Publishers scale back post-cookie plans
Research from Digiday suggests that publishers are scaling back their post-cookie planning in response to Google’s delayed deprecation. For instance; the level of publishers preparing for the end of third party cookies remained relatively flat at 68% whilst those worried about their ability to target ads fell from 59 to 46%, and measure ads from 57 to 40% between Q1 and Q3 this year.
Though that could be a sign of growing confidence and preparedness, there were also some significant falls in post-cookie tactics in use including the decline in those ‘using more first party data’ from 78% to 46%. There was a positive growth in those ‘integrating first-party segments into DSPs’ from 34% to 44% – something that Carbon and SmartRTB are encouraging.
Leon Gurevich recently shared some thoughts on what publishers can do now to prepare for 2023, and rather than scaling back on cookieless initiatives he suggested using what we have available now to future proof. From developing a better understanding of your first party audiences, building relationships (with buyers and audiences), and staying flexible to adapt to the changes; we all need to use the extra time wisely.
Focus shifts to Safari
Digiday’s weekly media briefing suggested that Google’s deprecation delay has given publishers and buyers a window of opportunity to tackle Safari’s limited ad revenue. Some publishers have claimed that due to Apple’s ITP (intelligent tracking prevention) Safari impressions sell for as much as 70% less than Chrome impressions, leading many publishers and advertisers to direct more budgets to Chrome.
Whilst publishers may be scaling back some cookieless initiatives, the renewed focus on solutions for Safari’s tracking limitations could be applied to other cookieless browsers, and eventually Chrome.
Programmatic Guaranteed to flourish
MarketingWeek publishes a weekly 5 interesting stats to start your week, and this week’s was particularly insightful for a number of reasons. The surge in TV & streaming in 2020 and growing use of data and programmatic in the TV space shows the innovation going on, but also advertisers continue to see the benefits of programmatic.
Publishers have thrived on the open exchange leveraging third party cookies, but in the long term they’ll be looking to connect their first party data with marketers’ whilst maintaining the benefits of programmatic. Programmatic Guaranteed is already seeing success – helping to maintain and improve relationships between publishers and advertisers with tech companies like Carbon well positioned to help understand, build and activate first party audience data within programmatic.
The cost of misinformation
After it was revealed that top advertisers spend $2.6bn annually placing ads on misinformation sites it has bolstered the drive to improve brand safety in programmatic, whilst also making methods such as programmatic guaranteed a key part of the solution. The ad industry needs more of a collective consciousness to solve this problem; creating whitelists/blacklists for filtering misinformation, as well as working closer on privacy safe audience data sharing to facilitate more transparency.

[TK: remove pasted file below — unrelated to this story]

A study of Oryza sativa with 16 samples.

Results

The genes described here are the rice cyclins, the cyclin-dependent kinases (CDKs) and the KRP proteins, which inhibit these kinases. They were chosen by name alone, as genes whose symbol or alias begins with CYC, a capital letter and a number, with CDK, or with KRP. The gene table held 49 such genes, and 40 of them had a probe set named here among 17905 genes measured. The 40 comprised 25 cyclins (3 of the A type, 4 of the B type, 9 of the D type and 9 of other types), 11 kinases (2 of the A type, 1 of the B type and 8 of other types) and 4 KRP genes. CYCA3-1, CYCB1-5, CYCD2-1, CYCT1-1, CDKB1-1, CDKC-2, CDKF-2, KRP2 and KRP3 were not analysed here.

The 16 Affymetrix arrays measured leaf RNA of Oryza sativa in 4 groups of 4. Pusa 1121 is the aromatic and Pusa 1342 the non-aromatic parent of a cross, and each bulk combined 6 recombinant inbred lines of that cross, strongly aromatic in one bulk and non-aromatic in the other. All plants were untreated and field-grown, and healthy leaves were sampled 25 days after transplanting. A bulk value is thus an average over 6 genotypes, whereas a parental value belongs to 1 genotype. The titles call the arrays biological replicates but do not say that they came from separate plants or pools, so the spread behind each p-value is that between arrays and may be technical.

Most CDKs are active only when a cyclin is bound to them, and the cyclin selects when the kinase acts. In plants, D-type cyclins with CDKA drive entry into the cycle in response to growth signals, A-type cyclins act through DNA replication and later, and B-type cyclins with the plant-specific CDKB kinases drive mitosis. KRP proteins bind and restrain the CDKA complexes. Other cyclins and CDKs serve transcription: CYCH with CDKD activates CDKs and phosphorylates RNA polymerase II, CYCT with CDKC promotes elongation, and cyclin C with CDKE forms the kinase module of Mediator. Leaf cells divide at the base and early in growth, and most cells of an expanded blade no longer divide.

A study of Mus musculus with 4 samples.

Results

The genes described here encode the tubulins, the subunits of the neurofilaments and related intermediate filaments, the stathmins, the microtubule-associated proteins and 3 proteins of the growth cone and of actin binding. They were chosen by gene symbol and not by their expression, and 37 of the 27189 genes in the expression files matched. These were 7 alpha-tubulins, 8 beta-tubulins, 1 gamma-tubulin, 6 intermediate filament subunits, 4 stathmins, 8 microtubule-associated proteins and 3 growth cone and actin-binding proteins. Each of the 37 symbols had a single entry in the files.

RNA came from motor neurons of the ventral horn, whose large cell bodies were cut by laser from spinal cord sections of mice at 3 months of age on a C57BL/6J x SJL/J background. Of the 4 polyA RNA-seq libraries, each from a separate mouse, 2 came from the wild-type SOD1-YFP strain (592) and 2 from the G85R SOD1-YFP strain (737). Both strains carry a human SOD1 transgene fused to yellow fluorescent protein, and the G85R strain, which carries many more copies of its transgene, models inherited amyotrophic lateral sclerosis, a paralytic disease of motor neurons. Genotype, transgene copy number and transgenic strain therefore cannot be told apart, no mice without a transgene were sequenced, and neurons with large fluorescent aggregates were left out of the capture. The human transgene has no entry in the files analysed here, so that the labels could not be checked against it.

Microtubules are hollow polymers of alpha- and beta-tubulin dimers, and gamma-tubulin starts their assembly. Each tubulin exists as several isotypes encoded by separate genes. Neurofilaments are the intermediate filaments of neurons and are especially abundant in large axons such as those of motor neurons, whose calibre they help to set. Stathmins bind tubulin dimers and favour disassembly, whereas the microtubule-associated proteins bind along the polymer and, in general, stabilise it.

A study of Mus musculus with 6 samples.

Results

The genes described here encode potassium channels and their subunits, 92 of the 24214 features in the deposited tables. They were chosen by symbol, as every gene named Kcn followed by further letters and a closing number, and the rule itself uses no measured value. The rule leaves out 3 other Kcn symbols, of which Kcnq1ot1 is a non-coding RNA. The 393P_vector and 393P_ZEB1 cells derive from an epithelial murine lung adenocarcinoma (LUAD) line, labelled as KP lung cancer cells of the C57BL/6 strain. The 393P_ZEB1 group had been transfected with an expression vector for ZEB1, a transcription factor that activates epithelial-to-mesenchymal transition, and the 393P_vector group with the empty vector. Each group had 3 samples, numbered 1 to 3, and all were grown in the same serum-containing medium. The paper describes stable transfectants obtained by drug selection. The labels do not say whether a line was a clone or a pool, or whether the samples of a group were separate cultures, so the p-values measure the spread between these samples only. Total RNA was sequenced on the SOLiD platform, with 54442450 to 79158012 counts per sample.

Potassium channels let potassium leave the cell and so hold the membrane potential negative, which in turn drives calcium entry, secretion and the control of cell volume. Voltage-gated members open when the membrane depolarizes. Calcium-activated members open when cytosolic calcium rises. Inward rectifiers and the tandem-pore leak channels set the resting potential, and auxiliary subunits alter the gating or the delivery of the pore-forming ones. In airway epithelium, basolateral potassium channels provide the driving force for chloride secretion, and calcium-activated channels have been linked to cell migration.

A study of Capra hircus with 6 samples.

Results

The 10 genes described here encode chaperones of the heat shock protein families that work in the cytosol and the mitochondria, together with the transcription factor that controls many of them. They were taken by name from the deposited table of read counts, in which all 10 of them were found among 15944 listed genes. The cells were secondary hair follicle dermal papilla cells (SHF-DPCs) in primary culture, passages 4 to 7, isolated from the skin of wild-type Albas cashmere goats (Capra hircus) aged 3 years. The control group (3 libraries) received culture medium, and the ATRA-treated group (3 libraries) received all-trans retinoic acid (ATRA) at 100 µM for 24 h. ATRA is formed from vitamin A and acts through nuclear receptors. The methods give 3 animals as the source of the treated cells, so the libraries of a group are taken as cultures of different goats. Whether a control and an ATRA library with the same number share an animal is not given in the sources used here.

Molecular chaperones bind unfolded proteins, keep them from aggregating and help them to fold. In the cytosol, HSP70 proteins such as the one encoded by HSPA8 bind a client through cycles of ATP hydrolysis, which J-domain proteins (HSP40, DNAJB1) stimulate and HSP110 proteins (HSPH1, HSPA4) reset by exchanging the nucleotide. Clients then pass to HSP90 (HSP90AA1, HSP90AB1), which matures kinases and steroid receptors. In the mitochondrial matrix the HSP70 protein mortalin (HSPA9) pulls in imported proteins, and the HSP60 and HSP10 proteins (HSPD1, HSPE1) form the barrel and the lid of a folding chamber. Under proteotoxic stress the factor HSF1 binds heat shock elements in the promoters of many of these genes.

Potential FLoC tweaks
According to reports, Google is considering switching FLoC to a topic-based approach. The method suggests that Google would assign topic categories to websites and people rather than assigning cohort IDs to them. It’s another sign of Google listening more to the industry, as well as a recognition that the original version of FLoC is both opaque and not as privacy safe as they need. The main privacy concern of FLoC in its current form was that FLoC IDs could be used to enable fingerprinting techniques that piece together someone’s identity. This new approach would reduce the opportunity for such methods.
Adopting a topic-based approach could give publishers and advertisers a clearer understanding of how ads are targeted too, and it’s close resemblance of contextual targeting strengthens the need for more consistent approaches to content and data classification. Carbon recently shared insights into our adoption of the IAB Content Taxonomy 2.2 as a foundation with the addition of our own unique brand and custom keywords too, which combined with automated categorization can help publishers future proof for the different audience approaches.
Agency support for UID2
In a recent assessment of third-party cookie alternatives Mozilla claimed SWAN & UID2 as not ready:
Just like FLoC, there’s still work and testing to be done before these third party alternatives will be fully comparable. Despite this though, UID2 is gathering agency support with IPG and Omnicom the latest to publicly endorse the identifier, and eventually that will mean more advertiser demand to buy using UID2. Arun Kumar – chief data and marketing technology officer of IPG – likens the situation to 10 years ago when programmatic was in its infancy and only had access to remnant inventory, suggesting that publishers will commit once demand grows.